Foreign assistance: WB loan to educate 3 million children in Pakistan

Deal for $150m loan also aims to bring 1.5m families in social safety net.


Shahbaz Rana March 27, 2012

ISLAMABAD:


Pakistan signed a deal with the World Bank on Monday whereby the country will receive a loan of $150 million to include an additional 1.5 million families in the social safety net and help enroll three million children in schools.


The government intends to give Rs1,000 monthly to at least 85% of families indentified by the Poverty Card Survey.

The survey identified as many as 5.9 million families living below the poverty line. However, the government, under the Benazir Income Support Programme (BISP), has only been able to provide grants to 3.5 million families, citing resource constraints and incomplete data of beneficiaries as reasons.

The agreement was signed by Economic Affairs Division Secretary Dr Waqar Masood, Country Director of World Bank Rachid Benmessaoud and BISP Secretary Muhammad Sher Khan.

The loan disbursements will be tied to the achievement of targets. Earlier, allegations were raised against Pakistan Post Office officials for taking bribes to deliver the grants.

Benmessaoud said the money would be utilised to increase the beneficiaries from 3.5 million households to five million. He added that the loan would enable “three million children to attend school.”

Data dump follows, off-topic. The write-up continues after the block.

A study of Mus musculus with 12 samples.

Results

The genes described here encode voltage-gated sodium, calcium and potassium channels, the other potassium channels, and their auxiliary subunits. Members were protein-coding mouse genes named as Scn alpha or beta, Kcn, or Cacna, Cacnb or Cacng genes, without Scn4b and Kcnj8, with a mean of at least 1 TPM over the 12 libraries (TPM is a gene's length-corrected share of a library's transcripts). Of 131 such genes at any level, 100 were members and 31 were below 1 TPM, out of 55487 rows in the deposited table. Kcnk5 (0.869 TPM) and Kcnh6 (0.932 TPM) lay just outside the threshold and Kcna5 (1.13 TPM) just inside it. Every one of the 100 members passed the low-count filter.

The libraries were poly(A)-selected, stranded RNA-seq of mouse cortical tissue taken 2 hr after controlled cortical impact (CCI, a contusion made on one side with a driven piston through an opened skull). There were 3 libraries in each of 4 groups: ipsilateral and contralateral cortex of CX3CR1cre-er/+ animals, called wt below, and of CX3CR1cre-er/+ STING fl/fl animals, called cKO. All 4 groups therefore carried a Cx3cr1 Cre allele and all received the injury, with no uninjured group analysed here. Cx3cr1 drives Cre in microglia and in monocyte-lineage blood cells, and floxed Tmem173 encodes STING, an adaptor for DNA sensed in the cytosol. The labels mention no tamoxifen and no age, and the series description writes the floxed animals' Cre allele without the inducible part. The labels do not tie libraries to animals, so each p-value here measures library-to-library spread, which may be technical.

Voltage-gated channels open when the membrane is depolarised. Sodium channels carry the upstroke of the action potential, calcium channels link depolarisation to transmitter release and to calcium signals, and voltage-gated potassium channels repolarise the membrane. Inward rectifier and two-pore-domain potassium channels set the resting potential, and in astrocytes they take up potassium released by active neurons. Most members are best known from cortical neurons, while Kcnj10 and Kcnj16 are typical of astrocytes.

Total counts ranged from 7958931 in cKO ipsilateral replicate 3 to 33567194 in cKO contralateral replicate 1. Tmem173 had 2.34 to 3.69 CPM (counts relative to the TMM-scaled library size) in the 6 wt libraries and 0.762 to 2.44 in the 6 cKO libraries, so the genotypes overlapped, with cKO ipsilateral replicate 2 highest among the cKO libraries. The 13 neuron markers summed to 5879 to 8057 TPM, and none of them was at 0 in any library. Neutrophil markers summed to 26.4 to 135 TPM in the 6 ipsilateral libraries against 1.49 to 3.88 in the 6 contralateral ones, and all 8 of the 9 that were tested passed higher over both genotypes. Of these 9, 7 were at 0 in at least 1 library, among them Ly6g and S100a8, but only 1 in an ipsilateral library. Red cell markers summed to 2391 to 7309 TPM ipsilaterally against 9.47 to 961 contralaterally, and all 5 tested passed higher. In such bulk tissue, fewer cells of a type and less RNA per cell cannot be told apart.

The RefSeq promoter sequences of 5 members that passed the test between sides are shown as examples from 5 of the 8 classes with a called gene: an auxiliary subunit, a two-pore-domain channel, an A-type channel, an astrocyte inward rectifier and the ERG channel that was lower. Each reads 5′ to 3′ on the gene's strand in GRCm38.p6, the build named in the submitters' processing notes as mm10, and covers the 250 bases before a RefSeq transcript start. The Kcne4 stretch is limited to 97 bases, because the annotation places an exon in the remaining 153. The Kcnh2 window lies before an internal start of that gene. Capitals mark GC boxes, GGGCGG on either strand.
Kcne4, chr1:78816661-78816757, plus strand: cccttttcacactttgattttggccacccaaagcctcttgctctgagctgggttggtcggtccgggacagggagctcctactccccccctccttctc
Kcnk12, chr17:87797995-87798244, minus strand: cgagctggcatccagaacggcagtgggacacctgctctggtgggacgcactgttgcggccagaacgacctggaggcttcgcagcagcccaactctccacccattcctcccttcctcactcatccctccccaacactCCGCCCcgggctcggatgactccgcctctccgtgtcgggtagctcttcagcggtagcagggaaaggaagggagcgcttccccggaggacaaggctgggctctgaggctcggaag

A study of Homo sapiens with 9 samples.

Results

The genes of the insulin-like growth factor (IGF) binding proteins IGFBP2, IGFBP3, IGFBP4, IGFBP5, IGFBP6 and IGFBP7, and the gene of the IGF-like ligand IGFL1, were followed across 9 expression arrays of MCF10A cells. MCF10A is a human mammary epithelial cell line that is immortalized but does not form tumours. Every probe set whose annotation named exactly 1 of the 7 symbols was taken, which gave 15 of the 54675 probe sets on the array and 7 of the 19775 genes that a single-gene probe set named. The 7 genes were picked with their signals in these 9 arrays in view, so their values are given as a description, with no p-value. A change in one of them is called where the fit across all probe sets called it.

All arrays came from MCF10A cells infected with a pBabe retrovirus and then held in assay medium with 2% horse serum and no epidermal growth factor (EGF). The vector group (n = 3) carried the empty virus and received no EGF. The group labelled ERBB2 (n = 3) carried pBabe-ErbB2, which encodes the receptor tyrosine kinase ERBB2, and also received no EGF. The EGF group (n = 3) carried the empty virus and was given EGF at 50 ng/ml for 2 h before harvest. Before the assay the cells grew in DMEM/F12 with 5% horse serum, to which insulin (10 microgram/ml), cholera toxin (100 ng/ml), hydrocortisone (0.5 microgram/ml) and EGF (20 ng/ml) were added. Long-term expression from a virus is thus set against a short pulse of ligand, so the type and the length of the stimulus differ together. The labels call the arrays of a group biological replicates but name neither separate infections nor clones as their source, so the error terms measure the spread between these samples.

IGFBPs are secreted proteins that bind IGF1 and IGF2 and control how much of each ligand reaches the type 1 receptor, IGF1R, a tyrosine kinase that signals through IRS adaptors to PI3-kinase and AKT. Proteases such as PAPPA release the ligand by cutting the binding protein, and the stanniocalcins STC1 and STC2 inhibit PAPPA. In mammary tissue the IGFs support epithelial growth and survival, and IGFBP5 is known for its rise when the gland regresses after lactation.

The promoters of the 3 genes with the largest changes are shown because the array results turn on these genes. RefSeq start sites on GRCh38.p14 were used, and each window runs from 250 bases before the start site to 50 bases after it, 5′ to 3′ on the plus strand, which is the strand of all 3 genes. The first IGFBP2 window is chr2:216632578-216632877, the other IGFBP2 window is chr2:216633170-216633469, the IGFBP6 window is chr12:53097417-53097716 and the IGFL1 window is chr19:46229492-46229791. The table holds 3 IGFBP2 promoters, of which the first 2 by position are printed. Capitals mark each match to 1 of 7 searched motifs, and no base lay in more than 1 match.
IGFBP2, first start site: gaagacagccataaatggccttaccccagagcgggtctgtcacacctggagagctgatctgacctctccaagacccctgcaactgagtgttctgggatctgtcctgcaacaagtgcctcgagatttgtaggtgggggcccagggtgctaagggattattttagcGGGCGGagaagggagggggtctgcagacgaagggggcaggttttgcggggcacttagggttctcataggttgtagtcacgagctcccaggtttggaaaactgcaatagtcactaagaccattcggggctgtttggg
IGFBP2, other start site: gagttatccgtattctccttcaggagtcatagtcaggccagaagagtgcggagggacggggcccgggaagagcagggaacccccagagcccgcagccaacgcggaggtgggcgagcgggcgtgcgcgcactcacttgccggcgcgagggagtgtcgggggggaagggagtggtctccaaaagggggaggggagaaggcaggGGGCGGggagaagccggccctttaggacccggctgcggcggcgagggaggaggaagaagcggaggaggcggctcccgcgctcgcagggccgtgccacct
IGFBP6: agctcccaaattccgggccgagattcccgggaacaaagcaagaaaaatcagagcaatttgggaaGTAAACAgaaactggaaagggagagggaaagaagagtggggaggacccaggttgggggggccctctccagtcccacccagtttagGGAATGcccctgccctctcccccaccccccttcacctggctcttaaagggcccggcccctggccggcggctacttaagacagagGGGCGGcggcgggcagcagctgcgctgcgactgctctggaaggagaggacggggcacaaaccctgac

Benmessaoud said the BISP was looking at ways to lift people out of the poverty trap by implementing livelihood programmes to enable them to sustain themselves instead of depending on cash grants.

Benmessaoud said the loan is in addition to $60 million granted by the World Bank to BISP earlier.

He lauded the government’s move to constitute a new Board of Directors for the BISP by appointing half of its members from the private sector. The WB had earlier downgraded the BISP to “moderately satisfactory” due to its reservations on the board’s constitution. The programme has now been updated to “satisfactory.”

Speaking at the occasion, BISP’s chairperson Farzana Raja said that this year the government would enroll 500,000 children in the first phase. “The families of these children are subject to chronic poverty.”

While there is no official data available on poverty trends in the country, the scorecard survey provides a snapshot of the situation. The survey has set a score of 16.78 — this score is out of hundred and is a monitoring tool to extract social and public accountability and responsiveness of the service providers. The low score is due to limited resources.

According to the government’s Statistics Division, the average size of a household is 6.38 individuals. This means that 37.6 million people or 21% of the population is under the poverty trap. However, if the score is raised to 22, the number of families will increase considerably.

Raja said that under the Millennium Development Goals, every Pakistani child will enroll in school by 2015. According to the Pakistan Social and Living Standard Measurement Survey, only 60% of the children attend school.

Raja said the government used the earlier given $60 million to “conduct a poverty census of the 180 million” strong population.

Published in The Express Tribune, March 27th, 2012.